Abstract TP48: Automated Deep Learning-based Measurement of DWI Lesion Volume in Acute Stroke Using Convolutional Neural Networks


Background: In acute ischemic stroke (AIS), therapeutic decisions are increasingly being based upon the volume of likely-unsalvageable brain tissue, which is often estimated using DWI. Deep learning algorithms, e.g. convolutional neural networks (CNN), have been employed for chronic stroke lesion segmentation. Here we investigate the applicability of CNN for DWI lesion measurement in acute stroke.

Methods: 50 AIS patients underwent DWI < 12h from last known well. Apparent diffusion coefficient maps, T2WI, and DWI were used as covariates in a 2D CNN (5-fold cross validation). Including convolutional, inception and fully connected dense layers, a CNN of 15 layers was trained using manually outlined DWI lesions. To avoid overfitting, statistical dropout, L1- and L2-regularization and batch-normalization were used. Automatically segmented lesion volumes (ALV) using a 50% risk threshold were compared to the manual lesion volumes (MLV) using Dice similarity index (DSI, a measure of overlap) and Spearman’s correlation coefficient. Subset analysis was performed evaluating results between small (<10 ml) and large lesions (Wilcoxon rank sums).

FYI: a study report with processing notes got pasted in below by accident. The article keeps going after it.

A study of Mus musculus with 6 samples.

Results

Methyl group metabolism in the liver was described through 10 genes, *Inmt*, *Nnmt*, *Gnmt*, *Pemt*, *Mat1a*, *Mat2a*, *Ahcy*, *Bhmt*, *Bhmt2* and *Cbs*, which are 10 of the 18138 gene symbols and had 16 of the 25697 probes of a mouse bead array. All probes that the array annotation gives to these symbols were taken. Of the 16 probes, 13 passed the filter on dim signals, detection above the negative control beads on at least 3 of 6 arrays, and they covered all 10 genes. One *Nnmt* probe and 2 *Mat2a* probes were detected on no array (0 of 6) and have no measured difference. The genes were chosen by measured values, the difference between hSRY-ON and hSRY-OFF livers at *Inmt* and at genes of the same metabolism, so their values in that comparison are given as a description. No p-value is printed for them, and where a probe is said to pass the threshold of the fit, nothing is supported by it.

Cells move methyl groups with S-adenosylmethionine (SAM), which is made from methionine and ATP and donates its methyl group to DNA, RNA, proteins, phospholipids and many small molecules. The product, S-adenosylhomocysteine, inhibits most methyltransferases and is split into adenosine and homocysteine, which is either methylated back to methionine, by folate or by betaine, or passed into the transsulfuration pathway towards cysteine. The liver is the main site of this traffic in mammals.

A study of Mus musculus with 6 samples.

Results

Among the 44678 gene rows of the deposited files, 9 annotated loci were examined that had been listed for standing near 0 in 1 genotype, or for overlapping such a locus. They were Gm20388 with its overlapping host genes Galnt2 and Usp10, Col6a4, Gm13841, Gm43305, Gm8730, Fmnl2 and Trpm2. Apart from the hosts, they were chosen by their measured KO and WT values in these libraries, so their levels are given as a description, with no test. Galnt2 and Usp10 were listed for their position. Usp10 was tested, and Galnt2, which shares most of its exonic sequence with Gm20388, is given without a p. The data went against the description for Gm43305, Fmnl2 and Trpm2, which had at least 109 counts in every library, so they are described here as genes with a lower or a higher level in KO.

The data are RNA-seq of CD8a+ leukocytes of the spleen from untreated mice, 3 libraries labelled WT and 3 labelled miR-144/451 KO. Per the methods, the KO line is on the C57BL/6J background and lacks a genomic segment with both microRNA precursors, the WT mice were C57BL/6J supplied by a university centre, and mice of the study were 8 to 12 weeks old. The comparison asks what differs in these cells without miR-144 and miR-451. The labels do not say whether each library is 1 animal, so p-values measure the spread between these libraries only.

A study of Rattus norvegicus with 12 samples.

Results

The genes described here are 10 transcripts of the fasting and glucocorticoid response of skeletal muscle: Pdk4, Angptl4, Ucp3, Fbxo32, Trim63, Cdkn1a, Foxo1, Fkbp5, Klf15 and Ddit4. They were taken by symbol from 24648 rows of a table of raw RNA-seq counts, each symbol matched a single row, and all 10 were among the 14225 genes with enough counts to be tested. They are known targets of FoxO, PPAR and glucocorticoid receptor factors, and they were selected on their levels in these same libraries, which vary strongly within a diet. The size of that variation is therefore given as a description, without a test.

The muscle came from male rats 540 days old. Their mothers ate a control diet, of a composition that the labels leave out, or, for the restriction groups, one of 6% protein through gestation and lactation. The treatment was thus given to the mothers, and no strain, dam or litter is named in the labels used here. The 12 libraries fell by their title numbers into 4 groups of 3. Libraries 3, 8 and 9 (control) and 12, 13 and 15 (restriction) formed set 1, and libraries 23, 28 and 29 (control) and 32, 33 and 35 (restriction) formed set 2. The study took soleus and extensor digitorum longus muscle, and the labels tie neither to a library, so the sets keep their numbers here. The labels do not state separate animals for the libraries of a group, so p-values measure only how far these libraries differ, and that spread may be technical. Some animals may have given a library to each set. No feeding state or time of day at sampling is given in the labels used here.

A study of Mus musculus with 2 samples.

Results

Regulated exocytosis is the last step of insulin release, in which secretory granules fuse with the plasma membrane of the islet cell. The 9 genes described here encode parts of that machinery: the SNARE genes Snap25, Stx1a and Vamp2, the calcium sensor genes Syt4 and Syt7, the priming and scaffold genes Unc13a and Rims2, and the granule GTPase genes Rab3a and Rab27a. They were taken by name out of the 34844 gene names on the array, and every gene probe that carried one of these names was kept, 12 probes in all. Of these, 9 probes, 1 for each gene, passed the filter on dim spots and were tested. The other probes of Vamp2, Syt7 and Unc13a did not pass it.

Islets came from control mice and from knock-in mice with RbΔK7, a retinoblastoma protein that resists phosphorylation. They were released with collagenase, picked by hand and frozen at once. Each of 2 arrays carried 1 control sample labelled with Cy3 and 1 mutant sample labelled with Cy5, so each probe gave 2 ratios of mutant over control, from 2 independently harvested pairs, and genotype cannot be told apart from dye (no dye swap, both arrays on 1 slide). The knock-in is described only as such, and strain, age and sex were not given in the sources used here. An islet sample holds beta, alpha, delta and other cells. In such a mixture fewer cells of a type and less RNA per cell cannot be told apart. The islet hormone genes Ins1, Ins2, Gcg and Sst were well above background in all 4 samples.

Results: The figure shows examples of CNN segmentation. The median [IQR] measured lesion volume and DSI were 25 [13-46] mL and 66% [35-75%], respectively. The correlation of MLV with ALV was 86% (P<0.001). 21 subjects (42%) had lesion volumes less than 10 ml. DSI for small lesions (28% [14-46%]) was significantly lower (P<0.001) than large lesions (73% [67-79]%). Correlation of ALV with MLV for small lesions compared to large lesions were 31 and 84 respectively and differed significantly (P=0.001).

Discussion: Automatic DWI lesion segmentation for large lesions is feasible using CNN. CNN tended to overestimate the volumes of small lesions. Prior methods have used a priori heuristics or morphometric operations to remove artifacts. CNN methods show promise for “learning” to discriminate artifacts from real lesions.